Rivals need each other because they push each other. Google has never needed a rival more than it needs one now. Microsoft, with Bing, can be that rival.
A better Bing means a better Google
What's wrong with Google? Nothing on the surface. The Big G has billions in cash, a dominant desktop- and mobile-search franchise, a clear winner in Android, and an emerging cloud-computing franchise in Google Apps. Everything's coming up roses for Google.
And that, Fool, should scare the beejeezus out of you.
Good times never last. Great managers know this, and they prepare for the worst even when all's well. Former Intel chief executive expressed this sentiment best when he said, "Only the paranoid survive." Google needs a healthy dose of paranoia.
There's plenty to be afraid of. Citing data from comScore and Citi, Search Engine Land reports that Bing reached an all-time high with 11.8% of searches in November. Mr. Softy's made gains in each of the past eight months. By contrast, partner Yahoo! has suffered declines since August.
Bing could see more gains in the months ahead. A new version allows users to rank results according to the likes and links shared by friends on Facebook. Microsoft is also working with Open Table (Nasdaq: OPEN ) to allow Bing mobile-app users to make restaurant reservations directly from within local search results.
Google would love to include a similar feature in its own results. How do we know? The search king was prepared to pay $6 billion to acquire local-deals distributor Groupon.
Still searching for answers
Bing's existence is forcing us to once again ask what search should be. Is popularity really all that matters? Google would say yes; ranking high in its results is, in effect, like becoming the homecoming king or queen. The more links to your site (i.e., the more popular you are), the more you matter.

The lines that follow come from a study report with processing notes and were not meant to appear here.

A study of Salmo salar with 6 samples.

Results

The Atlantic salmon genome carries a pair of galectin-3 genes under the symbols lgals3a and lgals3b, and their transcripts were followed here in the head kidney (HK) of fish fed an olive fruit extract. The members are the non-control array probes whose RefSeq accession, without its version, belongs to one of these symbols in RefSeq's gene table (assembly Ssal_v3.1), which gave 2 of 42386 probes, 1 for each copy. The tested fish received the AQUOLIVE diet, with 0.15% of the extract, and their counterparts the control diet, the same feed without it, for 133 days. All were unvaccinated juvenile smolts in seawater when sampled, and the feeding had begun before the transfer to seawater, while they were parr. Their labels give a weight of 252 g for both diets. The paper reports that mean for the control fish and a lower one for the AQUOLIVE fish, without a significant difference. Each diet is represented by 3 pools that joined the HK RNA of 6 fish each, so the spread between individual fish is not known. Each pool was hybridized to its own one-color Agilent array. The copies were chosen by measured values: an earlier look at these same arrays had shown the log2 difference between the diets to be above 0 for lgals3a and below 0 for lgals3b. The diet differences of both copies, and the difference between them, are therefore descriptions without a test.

Trouble is, "popular" doesn't necessarily equal "relevant." Search spammers have for years used keywords and other "search-engine marketing" tricks to small-f fool algorithms into ranking their sites above legitimate alternatives.
Baidu (Nasdaq: BIDU ) has courted trouble for mixing ads and search results, passing them off as one and the same when clearly they weren't. When Microsoft called Bing a "decision engine," it was a dig against Google and its peers and a reference to the spammers, a nod to relevance over popularity.
Start-ups are still beating this same drum. Consider Blekko. This venture-backed start-up adds what it calls "slashtags" to search strings in order to sharpen results. On-page tools also allow users to mark results as spam, making the algorithm smarter with each use.
How Google profits from others' innovations
All of this is good for Google. First, it shows that search innovation hasn't died. So long as there are innovations, critics will have a hard time making the case that Google should be broken up.
Second, it proves that Google needs developers who can think broadly about improving search. Competitive pressure has never let up. So long as this remains true, The Big G should be able to keep attracting top search talent. (After all, developers enjoy being on the front lines of a good fight.)
Talent and Big Ideas matter to investors, too. Why? Tech stocks do best when the underlying business is churning out innovations. In search, Google's mostly gotten past that point. A better Bing could ring in a new round of renovations -- and returns.
Now it's your turn to weigh in. Will anyone knock Google off its search perch? Please vote in the poll below, and then leave a comment to explain your thinking. You can also rate Google in Motley Fool CAPS.